Shane MacGowen was a face on the UK punk scene almost from its inception. His face in itself was a remarkable feature, even by British 70’s standards, due to standard abysmal dental hygiene and treatment and aided by a copious intake of amphetamine sulphate, MacGowen,s teeth were in a terrible state and when enhanced by his jug ears made for would could be termed a distinctive visage.
It was MacGowen who was photographed having his ear bitten off (it wasn’t but it looked nasty) by his date for the night at the Roxy Club, he cropped up again in Don Lett’s punk film trashing the Jam’s drum kit. At one point he wrote his own fanzine ‘Bondage’ in longhand declaring ‘only girls use typewriters’, MacGowen was quite a large fish in a rapidly expanding pond.
It was perhaps inevitable that he was set to become the frontman of his own band. His musical accomplice was Shanne Bradley already notable as the put down in ‘Satellite’ one of the Sex Pistols early songs. Like half of the London punks Bradley was learning to play the bass.
And so, the Nipple Erectors were formed. Clearly not a commercial enterprise especially as MacGowen and Bradley were the only consistent members. This meant that although they got to make a few singles, virtually every punk band in London got to make a few singles, they were never distinctive enough to make their presence felt. Musically it was fine, everyone including the drummer and guitarist that week could play and sing, there was a mix going on of punk and rockabilly with a bit of pop, the nipple erectors were not a hard-core punk band but neither were they anything else.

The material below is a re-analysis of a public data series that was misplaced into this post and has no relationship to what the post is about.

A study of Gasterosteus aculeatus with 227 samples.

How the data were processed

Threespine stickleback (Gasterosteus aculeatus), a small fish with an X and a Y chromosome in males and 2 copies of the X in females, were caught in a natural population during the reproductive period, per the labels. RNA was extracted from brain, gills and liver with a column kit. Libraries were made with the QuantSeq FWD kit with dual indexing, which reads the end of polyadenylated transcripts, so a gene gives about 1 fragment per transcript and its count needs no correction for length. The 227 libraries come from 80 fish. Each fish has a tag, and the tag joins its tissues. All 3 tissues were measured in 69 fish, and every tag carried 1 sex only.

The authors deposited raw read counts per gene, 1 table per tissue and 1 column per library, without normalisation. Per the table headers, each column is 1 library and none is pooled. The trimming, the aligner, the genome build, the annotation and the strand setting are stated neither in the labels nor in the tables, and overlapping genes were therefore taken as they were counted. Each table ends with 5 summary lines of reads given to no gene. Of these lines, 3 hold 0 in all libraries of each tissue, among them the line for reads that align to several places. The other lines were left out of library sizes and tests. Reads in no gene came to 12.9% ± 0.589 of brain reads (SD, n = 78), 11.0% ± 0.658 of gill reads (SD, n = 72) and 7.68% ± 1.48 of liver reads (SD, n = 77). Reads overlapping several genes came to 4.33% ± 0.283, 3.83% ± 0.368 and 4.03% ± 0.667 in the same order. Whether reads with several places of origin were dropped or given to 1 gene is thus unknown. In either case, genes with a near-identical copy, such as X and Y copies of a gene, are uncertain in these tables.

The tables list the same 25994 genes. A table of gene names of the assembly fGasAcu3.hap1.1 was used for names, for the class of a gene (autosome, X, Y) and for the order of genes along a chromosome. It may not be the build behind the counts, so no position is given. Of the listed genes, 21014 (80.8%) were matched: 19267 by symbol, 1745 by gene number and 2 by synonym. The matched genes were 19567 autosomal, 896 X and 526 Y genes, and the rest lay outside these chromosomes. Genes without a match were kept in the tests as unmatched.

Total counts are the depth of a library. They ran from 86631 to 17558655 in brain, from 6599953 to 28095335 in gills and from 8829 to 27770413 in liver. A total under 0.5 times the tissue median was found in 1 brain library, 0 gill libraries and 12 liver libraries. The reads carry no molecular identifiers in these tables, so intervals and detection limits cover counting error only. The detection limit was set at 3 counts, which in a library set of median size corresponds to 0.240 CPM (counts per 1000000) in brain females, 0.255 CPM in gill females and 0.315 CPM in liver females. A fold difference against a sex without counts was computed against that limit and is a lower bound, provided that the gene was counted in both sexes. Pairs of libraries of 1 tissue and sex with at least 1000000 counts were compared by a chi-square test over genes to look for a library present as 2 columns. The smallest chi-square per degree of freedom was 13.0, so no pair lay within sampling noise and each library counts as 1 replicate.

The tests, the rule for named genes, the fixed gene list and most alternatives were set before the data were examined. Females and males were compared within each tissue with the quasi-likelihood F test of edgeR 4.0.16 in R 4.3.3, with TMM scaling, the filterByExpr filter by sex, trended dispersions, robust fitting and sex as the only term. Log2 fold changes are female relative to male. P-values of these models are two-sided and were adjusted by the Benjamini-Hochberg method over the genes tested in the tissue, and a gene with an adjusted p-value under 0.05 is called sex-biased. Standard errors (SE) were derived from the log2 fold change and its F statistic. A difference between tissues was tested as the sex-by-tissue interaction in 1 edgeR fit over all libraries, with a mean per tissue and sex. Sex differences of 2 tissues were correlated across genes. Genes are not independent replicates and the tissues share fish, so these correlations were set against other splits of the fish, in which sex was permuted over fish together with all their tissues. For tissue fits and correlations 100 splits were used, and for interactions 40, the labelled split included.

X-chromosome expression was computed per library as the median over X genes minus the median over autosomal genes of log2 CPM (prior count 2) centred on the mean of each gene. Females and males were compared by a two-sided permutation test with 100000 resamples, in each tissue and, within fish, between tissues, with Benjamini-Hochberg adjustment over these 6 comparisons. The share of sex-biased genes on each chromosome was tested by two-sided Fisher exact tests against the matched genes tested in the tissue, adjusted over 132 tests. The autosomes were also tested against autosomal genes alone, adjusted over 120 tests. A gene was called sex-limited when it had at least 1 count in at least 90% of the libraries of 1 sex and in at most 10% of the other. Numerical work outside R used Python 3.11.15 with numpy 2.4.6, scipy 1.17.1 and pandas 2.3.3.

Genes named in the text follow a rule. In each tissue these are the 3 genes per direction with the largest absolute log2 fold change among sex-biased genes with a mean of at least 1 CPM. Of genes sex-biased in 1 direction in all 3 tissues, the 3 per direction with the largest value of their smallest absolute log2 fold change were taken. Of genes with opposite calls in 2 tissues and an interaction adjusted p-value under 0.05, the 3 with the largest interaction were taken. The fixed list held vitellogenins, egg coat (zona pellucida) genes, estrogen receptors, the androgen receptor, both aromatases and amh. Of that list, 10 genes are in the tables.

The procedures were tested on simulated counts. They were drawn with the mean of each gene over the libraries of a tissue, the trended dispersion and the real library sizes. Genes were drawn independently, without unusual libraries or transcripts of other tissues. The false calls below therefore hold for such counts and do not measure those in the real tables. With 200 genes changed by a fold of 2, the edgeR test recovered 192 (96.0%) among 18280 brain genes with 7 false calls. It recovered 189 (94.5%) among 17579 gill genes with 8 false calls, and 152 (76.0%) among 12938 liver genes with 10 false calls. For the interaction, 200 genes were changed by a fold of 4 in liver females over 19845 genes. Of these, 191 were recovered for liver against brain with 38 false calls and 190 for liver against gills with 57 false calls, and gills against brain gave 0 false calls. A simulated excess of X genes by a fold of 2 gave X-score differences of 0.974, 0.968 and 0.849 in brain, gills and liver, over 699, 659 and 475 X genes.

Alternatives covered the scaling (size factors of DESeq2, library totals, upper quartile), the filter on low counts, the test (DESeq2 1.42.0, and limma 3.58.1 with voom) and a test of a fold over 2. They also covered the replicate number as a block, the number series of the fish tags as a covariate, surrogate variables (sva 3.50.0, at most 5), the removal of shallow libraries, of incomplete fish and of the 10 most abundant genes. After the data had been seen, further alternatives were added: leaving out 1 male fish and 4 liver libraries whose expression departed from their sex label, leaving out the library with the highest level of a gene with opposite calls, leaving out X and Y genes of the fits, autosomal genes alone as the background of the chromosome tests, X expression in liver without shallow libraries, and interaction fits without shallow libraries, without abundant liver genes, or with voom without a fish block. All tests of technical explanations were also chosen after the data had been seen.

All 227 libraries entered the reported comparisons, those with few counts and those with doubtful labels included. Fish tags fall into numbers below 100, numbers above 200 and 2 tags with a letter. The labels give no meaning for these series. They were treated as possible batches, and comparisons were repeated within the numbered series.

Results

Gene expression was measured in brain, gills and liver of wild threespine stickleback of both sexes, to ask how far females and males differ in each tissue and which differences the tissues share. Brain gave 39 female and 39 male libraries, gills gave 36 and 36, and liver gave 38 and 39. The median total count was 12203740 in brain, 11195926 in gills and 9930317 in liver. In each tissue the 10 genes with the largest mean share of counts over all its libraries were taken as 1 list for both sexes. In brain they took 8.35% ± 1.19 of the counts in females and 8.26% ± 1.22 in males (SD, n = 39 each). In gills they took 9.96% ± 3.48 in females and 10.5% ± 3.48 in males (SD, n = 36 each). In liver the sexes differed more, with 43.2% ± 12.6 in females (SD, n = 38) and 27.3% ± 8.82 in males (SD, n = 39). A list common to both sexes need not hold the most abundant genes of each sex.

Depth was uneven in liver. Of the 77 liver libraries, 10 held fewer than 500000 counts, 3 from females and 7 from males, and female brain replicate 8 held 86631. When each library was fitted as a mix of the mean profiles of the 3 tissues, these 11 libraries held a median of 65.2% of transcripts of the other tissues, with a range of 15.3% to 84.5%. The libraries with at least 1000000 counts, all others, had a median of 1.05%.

Eventually they shortened their name to the Nips and with their latest guitarist and drummer recorded their final single ‘Gabrielle’ which impressed me enough at the time to go out and buy it. ‘Gabrielle’ remains something of an enigma, for a band firmly routed in London the song is quite transatlantic, the sort of tune that could easily be recorded by Southside Johnny or even Van Morrison. In fact, MacGowen was a big fan of the Jam who themselves were beginning to utilise some American soul stylings. Lyrically ‘Gabrielle’ is gossamer thin, musically it’s pretty much 3 chords. The huge surprise in retrospect is McGowan’s vocals which are ,well, tuneful.
The Nips managed one final line up where the guitarist was James Fearnley. After the band finally spluttered to a halt Fearnley and MacGowen re emerged as Pogue Mahone which in turn became The Pogues. After a slight hiatus Bradley also emerged in the folk based ‘The Men They Couldn’t Hang’
Today MacGowen is mainly known as a graduate of the Keith Richards ‘how come he’s still alive?’ school of life but just months after splitting with the Nips had totally altered his vocal delivery and song writing style and ‘Gabrielle’ stands alone as a pure pop moment never to be repeated.